Updated on April 30, 2013

Art Class


Do Your work

Unfortunately, there is no magic pill you can take or quick fix tip to get you to pass GCSE art. A large proportion of the mark you get is based on coursework, therefore, you must do your work on time. On the positive side, you do not have to be the next Lucian Freud or Leonardo Da Vinci to pass with a good grade either. GCSE art is all about the process. Having an understanding of the various processes involved in making art, experimenting with different media . Admittedly, a lot of work is involved and you have to demonstrate, with your coursework and final piece that you are

  • Proficient at developing your ideas
  • Proficient at utilising available resources, materials and media
  • Can develop a personal and reasonable response to your ideas and work.


Your coursework forms a large part of your overall mark, so in order to pass, you must have fulfilled all of the assessment criteria. Your teacher will give you a theme which you need to respond to. The project you submit at the end consists of 45 hours of work. It is impossible to cram all of this in at the last minute and still pass, so adequate time management is essential. You will need to submit a portfolio of work which consists of:

  • Drawings, sketches, ideas you initially had in response to the set theme.
  • Drawing for the overall idea using a variety of media as references.
  • Comprehensive research into all relevant artists.
  • Experimentation using different media to help develop your ideas for the final piece.
  • Final piece.

Final Exam or Externally Set Task

Your final exam accounts for 40 per cent of your overall mark. You will be given a set theme by your examining board and you are expected to respond to that theme over a number of weeks with:

  • Research into relevant artists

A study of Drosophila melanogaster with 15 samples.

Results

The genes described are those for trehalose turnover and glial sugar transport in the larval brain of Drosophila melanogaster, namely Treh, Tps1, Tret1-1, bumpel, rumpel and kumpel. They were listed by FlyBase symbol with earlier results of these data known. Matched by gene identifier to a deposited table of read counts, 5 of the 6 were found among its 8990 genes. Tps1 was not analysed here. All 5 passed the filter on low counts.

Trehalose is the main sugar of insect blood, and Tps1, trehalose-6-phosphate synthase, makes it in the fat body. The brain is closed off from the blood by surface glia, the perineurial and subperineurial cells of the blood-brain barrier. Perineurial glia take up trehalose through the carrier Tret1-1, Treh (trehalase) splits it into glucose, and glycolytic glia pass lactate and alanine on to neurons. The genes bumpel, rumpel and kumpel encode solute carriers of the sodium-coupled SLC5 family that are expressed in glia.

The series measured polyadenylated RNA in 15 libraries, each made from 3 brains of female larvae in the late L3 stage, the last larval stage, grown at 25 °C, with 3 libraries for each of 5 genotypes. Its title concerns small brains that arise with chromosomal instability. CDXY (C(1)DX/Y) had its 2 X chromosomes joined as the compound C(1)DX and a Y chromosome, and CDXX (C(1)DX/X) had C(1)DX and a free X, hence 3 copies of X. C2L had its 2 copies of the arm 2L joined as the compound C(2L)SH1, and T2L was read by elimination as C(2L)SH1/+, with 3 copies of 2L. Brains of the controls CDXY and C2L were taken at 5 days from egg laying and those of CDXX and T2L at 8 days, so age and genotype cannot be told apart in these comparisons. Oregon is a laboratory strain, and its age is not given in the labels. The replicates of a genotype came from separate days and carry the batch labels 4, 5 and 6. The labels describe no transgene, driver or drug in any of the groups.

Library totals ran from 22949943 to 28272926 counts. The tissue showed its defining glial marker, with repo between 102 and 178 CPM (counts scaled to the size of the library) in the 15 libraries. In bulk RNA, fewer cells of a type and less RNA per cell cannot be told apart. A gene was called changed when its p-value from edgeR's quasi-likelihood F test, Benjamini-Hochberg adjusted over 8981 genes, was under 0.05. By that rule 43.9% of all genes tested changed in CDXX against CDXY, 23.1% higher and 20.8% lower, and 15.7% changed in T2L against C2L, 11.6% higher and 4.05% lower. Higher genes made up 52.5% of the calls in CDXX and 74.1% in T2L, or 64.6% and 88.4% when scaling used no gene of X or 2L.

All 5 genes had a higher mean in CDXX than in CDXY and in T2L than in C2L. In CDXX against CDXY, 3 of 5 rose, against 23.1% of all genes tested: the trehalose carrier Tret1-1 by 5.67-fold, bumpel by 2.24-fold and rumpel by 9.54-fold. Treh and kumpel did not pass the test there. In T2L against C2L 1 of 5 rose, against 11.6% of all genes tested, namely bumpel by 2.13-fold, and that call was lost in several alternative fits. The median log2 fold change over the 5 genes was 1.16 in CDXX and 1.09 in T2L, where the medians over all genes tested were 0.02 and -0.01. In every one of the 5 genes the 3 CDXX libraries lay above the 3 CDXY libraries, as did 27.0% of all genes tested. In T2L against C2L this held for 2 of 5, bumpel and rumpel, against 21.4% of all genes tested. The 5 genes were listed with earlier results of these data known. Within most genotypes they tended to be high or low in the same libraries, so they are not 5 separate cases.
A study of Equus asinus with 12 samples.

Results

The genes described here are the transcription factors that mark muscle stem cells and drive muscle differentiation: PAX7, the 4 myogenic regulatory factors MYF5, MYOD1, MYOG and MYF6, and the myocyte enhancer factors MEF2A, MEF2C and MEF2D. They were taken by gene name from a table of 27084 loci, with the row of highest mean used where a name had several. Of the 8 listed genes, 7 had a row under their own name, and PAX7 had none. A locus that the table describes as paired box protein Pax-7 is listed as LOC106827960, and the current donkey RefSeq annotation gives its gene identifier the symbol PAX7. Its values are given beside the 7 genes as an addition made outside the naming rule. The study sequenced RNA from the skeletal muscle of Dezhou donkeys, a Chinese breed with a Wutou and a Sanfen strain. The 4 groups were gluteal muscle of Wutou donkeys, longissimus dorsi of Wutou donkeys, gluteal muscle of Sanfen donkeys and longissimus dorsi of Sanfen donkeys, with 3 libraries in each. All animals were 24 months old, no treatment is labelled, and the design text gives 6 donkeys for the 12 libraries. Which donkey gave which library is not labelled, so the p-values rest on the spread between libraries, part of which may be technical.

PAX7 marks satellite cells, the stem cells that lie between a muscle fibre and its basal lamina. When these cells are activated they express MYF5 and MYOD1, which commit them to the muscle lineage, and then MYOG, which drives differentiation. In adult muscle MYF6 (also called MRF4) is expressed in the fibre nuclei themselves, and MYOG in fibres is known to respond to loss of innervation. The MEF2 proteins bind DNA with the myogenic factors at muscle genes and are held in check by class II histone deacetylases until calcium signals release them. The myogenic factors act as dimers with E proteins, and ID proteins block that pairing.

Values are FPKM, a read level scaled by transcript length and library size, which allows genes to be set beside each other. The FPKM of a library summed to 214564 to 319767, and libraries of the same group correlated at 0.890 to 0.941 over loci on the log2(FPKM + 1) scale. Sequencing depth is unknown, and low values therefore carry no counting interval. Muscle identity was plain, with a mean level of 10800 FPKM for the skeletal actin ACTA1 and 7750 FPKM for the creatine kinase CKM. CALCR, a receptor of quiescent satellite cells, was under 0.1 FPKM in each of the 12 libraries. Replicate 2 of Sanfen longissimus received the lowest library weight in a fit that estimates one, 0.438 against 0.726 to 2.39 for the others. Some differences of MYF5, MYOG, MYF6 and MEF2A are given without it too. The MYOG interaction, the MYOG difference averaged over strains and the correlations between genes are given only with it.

• Sketches and drawings in your sketch book
  • Experimenting with different ideas, media and techniques.

You get 10 hours during your final exam to execute your idea based on all your preparatory work. Your teacher can help with technical issues during the exam, but can not comment at all on how good or bad your work is.

General Tips

  • Do your work as you are given it. Never procrastinate. Procrastination is a thief of time and the work will just build up if you do not do it, making things more difficult in the long run. Coursework is a big part of your final mark, so take it seriously if you want to pass with a good grade.
  • Ask your teacher if you get stuck on something, however trivial it may seem. During the time before the exam, you can ask them anything you want and they will help you. Ask your teacher what you need to do to pass and they will tell you in the context of YOUR work.
  • Get into the habit of writing strong write ups and evaluations of your work. Learn how to think critically and to put your work into an art historical context. Even if your work is not great, showing understanding and thorough research gets you good marks.
  • Visit museums and galleries which are relevant to your work as a part of your research for your coursework. Extra work can make the difference between a pass mark and an A grade.
  • If you are really struggling despite talking to your teacher and taking all of the advice here on board, consider extra tuition or evening classes to help. Every bit of extra work you do and demonstrate to your teacher and through your coursework goes towards your final mark.